At this point, there are three comprehensive healthcare reform bills passed by key United States Congressional Committees, i.e. the Senate Finance Committee, the Senate Health, Education, Labor and Pensions (HELP) Committee, and a consortium of House committees, referred to as the House Tri-Committee, consisting of the Energy and Commerce, Ways and Means, and Education and Labor Committees.
The Med Law Blog will select a key issue of healthcare reform on a weekly basis and attempt to summarize that for the readers. All of the bills include provisions dealing with the following issues:
1. Requiring insurance coverage for all Americans who apply (Guaranteed Issue), prohibiting health plans from denying coverage based upon preexisting conditions, and prohibiting premium underwriting for certain conditions;
2. Creating health insurance exchanges to provide better access to health insurance coverage;
3. Establishing essential benefits standards for health insurance (Minimum Coverage);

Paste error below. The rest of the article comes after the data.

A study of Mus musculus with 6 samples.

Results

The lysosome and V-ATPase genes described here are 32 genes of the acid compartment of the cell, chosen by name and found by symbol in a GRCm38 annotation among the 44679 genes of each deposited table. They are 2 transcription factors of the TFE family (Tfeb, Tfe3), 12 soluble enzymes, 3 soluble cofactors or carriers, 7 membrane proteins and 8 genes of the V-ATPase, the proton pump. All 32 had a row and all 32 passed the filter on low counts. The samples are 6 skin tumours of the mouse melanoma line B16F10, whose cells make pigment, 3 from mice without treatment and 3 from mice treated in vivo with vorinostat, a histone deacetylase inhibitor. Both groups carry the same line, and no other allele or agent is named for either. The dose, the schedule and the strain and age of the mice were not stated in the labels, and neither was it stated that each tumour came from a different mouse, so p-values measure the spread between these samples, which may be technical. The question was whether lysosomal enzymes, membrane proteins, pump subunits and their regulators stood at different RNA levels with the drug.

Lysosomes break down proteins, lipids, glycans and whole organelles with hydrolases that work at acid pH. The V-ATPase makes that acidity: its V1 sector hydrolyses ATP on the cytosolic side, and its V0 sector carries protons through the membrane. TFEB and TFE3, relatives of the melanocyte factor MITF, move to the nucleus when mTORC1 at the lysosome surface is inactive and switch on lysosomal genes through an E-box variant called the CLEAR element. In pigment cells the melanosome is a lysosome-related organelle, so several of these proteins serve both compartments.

4. Providing financial subsidies for people who cannot afford health insurance premiums;
5. Requiring all individuals to have health insurance (Mandated or Mandatory Coverage); and
6. Requiring employers to share the responsibility for health insurance costs (Employer Pay or Play).
An item that is not getting much coverage in the press is provisions in the Senate Finance Committee requiring Physician Transparency and Disclosure. Section 4101 of the Senate Finance Committee Healthcare Reform Bill will require applicable manufacturers and distributors to report payments to physicians and physician ownership in those companies. These provisions will become effective for the year 2011, and require report within 90 days of the close of each calendar year, therefore beginning March 31, 2012. The reports will require the name, business address, physician specialty, NPI number, and the amount, date, description and purposes of any payments to physicians, and the amount invested in the fair market value of any physician investment in those companies.
Section 4102, another physician reform provision, will require certain disclosure statements by physicians providing certain self-referred imaging services. Effective January 1, 2010, physicians providing MRI, CT, PET and any other designated health service specified in Section (h)(6)(D) of the Physicians Self-Referral Statute (i.e. the radiology section), must provide individuals with a written list of supplies who furnish such services in the area in which the individual resides.